By Rick Pender · March 30th, 2010 · Curtain Call
As the 20th century closed, the American Theatre Critics Association surveyed its members regarding their choices for the top plays of the past 100 years. Only one play from the 1990s cracked the Top 10: Tony Kushner’s Angels in America, the massive, two-part work subtitled "A Gay Fantasia on American Themes." In 1993, Part I: Millennium Approaches won the Pulitzer Prize for drama. That script and Part II: Perestroika won back-to-back Tony Awards in 1993 and 1994.

A tour of the entire work — seven hours of compelling theater — made its way to many American cities in 1995, but the then recently opened Aronoff Center for the Arts wasn't one of its stops. Broadway Across America, which also presented shows in Louisville and Columbus, offered the remarkable work to audiences in those cities but not here in conservative Cincinnati, where there were concerns that its language and gay themes wouldn't be well received.

The headline on a cover story I wrote at the time was: “Angels in America — But Not in Cincinnati.” I drove to Louisville to see the entire production in one day, and it remains one of my all-time great theater experiences.

In 2003 the play was made into an HBO film with Meryl Streep, Al Pacino, Mary-Louise Parker and Emma Thompson. Presented as a miniseries, it was HBO’s most watched movie that year and won Golden Globe and Emmy awards.

Given the work’s acclaim and Kushner’s continuing reputation as one of our nation’s great (if controversial) playwrights, you’d think an ambitious professional theater company in Cincinnati would have staged the work before 2010.

But we’ve only had Angels onstage at the University of Cincinnati’s College-Conservatory of Music, where Millennium was directed by Richard Hess in the fall of 1998 and Perestroika by Michael Burnham in the spring of 1999, using the same student cast for both productions. Falcon Theatre produced Millennium in a tiny Newport venue in 2005. That’s it. Until now.

Know Theatre of Cincinnati, which envisions creating “explosive and evocative live entertainment,” opens Millennium this weekend. Perestroika will be added to the run on April 23, and through May 8 you’ll be able to see both parts in close proximity — including all-in-one-day double-headers May 1 and 8.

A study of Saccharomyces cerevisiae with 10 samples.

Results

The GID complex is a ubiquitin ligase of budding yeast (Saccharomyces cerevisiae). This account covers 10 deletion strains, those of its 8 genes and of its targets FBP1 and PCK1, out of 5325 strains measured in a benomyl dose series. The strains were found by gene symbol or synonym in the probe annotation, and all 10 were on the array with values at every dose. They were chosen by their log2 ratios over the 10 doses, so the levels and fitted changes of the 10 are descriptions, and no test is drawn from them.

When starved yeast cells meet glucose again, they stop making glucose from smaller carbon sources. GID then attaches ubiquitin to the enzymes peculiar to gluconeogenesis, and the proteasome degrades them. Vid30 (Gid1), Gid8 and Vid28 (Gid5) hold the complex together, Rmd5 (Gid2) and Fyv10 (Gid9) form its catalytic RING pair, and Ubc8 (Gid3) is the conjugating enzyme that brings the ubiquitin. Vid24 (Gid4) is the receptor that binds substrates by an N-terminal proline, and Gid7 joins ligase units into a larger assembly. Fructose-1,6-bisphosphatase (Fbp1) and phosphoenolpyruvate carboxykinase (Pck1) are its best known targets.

Two of Cincinnati’s best local directors — Brian Isaac Phillips, artistic director at Cincinnati Shakespeare Company, and Drew Fracher, whose freelance work has thrilled audiences at Cincinnati Shakespeare (including the current production of Othello) and Ensemble Theatre — are working with a cast that draws upon our strong population of local actors.

Cincinnati Shakespeare company member Rob Jansen (pictured) plays Prior Walter, the central character, a gay man with AIDS who has premonitions of a world-changing event; Know Theatre resident actor Joshua Murphy is his neurotic partner Louis. Christopher Guthrie, another Cincinnati Shakespeare regular, is Joe Pitt, a Mormon attorney conflicted regarding his sexuality; former Know Theatre performer Courtney Brown returns to Cincinnati to play Joe’s unhappy, drug-addicted wife Hannah.

Michael Bath, seen most frequently at Ensemble Theatre, is the vicious conservative attorney Roy Cohn, while another professional who appears all over town, Amy Warner, is Joe’s Mormon mother. Two more of Know’s resident actors, Darnell Benjamin and Liz Vosmeier, round out the accomplished cast.

If you care about great theater, you owe it to yourself to fit this monumental production into your plans for the month ahead. You won’t regret it.

[Find showtimes, buy tickets and get Know Theatre details here.]


CONTACT RICK PENDER: rpender@citybeat.com

 
 
 
 

 

 
04.09.2010 at 03:49 Reply
Interesting read. I like hearing about the history of the play and its relationship to Cincinnati (skirting it or being put on as a college performance)--though honestly, I'm sure CCM's production was amazing, as their stuff is always professional level. But a correction. Hannah is Joe Pitt's mother; his drug-addicted wife is named Harper. You might want to fix this typo, so others aren't confused.